Evaluating evaluations: When should philanthropy evaluate (and when shouldn’t it?)


Rob Lloyd and Melanie Punton


Now more than ever, philanthropy wants to know the impact it is having and is investing in evaluation to understand this. A recent OECD survey of foundations working in international development found that close to 70 per cent now evaluate their work.

Surely this must be a good thing? The more investment there is in evaluation, the more we understand the most effective types of programmes and strategies, the more funding will go to what works, and the more impact philanthropy will have on people and planet.

However, the key assumption in this theory is that evaluations are used – that funders actually draw on the insights from the evaluations they commission to inform their decision-making.

Unfortunately, research suggests this isn’t always the case. In a recent survey of US foundations by the Center for Evaluation Innovation, 73 per cent of respondents said their biggest challenge was ensuring the evaluations they commission produce meaningful insights that inform decision-making.

This is worrying, because quite frankly, evaluations that aren’t used are a waste of time and money. What going on? Why aren’t evaluations having the impact on philanthropy we’d expect and hope for?

Based on Itad’s 39 years of experience conducting evaluations in philanthropy, we know that robust and credible evidence is vital, but it isn’t the decisive factor. The real determinants of whether an evaluation has impact are trust and empathy.

Why are trust and empathy important?

An evaluation can be an uncomfortable experience for a funder and its grantees. It may challenge beliefs around what is and what isn’t working. It may point to problems that have been swept under the carpet, question the design and delivery of activities, or recommend that certain grantees no longer receive funding. Unless emotions of vulnerability and defensiveness are actively managed, they can present serious barriers to an evaluation being used. Trust and empathy are key to lowering these barriers.

In the context of an evaluation, trust is about believing that the evaluation is going to be thorough and evidence-based and that the evaluation team have the interests of the funder and its grantees and what they are trying to achieve front and centre. A credible evaluation team and a sound methodology are essential. But our experience – supported by research conducted by IDInsight – suggests that a strong and trusting collaborative relationship is a more important driver of impact.

Empathy is a crucial ingredient in these relationships. Unless an evaluation team are able to walk in the shoes of the funder and its grantees and listen deeply, they will struggle to really understand what is going on, and to generate useful insights. This will prevent effective and trusting relationships developing. This echoes research by GEO suggesting that when philanthropy embraces empathy – through building a ‘firsthand, gut-level understanding of the work of grantees’ – this can support innovation and better results.

When trust and empathy are in place, defences are lowered, people start to be more open and reflective towards critical findings, and an evaluation can move from providing insights to informing action.

What are the implications for foundations?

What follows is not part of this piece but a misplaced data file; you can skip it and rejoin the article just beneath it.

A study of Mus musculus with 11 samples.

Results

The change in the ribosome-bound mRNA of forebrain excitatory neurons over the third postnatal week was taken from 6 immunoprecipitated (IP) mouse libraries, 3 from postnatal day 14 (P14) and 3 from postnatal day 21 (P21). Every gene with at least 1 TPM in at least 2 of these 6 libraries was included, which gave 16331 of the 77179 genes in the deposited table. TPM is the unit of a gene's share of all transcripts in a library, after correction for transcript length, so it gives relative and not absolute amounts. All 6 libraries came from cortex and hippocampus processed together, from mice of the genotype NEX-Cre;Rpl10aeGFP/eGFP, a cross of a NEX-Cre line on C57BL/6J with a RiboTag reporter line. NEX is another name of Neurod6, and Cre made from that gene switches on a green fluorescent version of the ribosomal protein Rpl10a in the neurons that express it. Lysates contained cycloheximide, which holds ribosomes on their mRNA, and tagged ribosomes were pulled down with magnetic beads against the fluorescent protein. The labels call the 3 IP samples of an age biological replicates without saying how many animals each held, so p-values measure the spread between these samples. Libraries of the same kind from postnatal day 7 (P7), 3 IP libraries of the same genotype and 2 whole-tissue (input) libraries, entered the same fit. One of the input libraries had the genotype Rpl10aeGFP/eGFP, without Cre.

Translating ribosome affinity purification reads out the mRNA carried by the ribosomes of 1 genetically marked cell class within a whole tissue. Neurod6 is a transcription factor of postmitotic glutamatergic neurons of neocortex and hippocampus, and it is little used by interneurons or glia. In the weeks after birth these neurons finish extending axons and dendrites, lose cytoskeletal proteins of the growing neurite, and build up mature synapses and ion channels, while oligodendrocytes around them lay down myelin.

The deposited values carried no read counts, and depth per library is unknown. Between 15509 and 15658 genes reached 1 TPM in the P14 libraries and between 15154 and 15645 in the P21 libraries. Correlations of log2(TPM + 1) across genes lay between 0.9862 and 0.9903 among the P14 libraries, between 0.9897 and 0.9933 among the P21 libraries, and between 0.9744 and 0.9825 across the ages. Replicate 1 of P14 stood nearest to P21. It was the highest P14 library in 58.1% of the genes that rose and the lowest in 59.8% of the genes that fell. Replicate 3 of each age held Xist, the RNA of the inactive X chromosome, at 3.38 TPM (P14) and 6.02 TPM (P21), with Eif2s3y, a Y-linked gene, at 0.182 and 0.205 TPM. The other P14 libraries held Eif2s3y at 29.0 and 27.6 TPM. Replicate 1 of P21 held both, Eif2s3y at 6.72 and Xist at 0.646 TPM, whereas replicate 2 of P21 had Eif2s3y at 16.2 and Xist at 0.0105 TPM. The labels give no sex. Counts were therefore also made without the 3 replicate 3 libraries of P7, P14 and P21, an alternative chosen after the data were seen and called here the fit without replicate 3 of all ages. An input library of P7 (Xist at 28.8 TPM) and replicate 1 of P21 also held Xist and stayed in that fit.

There are three ways foundations can ensure evaluations have an impact through a solid foundation of trust and empathy.

  1. If you can’t dedicate the time to building relationships with the evaluation team, don’t commission an evaluation. Trust isn’t created in a vacuum, it happens through interaction. The evaluation team needs time and opportunities to understand a funder – its priorities, its challenges – and also needs time with the grantees to really understand their perspectives and operational realities. Likewise, a funder needs to get to know the evaluation team and feel confident in them. This requires staff in the funder to set aside time to engage with the team and ensure grantees can too.
  2. Adopt evaluation arrangements that support collaborative relationships to develop. When scoping an evaluation, think about how it can be structured to build relationships among evaluators, funder staff and grantees. Ideally, this will mean a longer-term partnership, allowing time for building mutual understanding. This might be through interim deliverables, an embedded process evaluation, or a developmental evaluation approach.
  3. When selecting evaluators, don’t just look at their technical credentials, explore how they are going to work. The soft skills of the evaluation team are as important as their technical expertise. Do they have humility, acknowledging what they don’t know? Are they inquisitive? Do they demonstrate the ability to build relationships and show empathy for the experiences and perspectives of others? Have they budgeted for the time required to do this essential relationship work? The cultural and geographical makeup of the team are also important. Does the team include people who can engage with grantees in their cultural contexts, and who have a deep understanding of their realities and constraints?

Evaluations can be powerful opportunities for change in funders and grantees. But they require time and commitment to foster the trust and empathetic relationships that support learning and reflective practice. This is ultimately what enables an evaluation to have impact. If a funder isn’t able to create these conditions, it’s probably better not to evaluate in the first place.

Rob Lloyd is Managing Partner and Melanie Punton is Head of the Knowledge Hub at Itad, a consulting company that supports governments, foundations and multilateral organisations, to use evidence and learning to improve their social impact.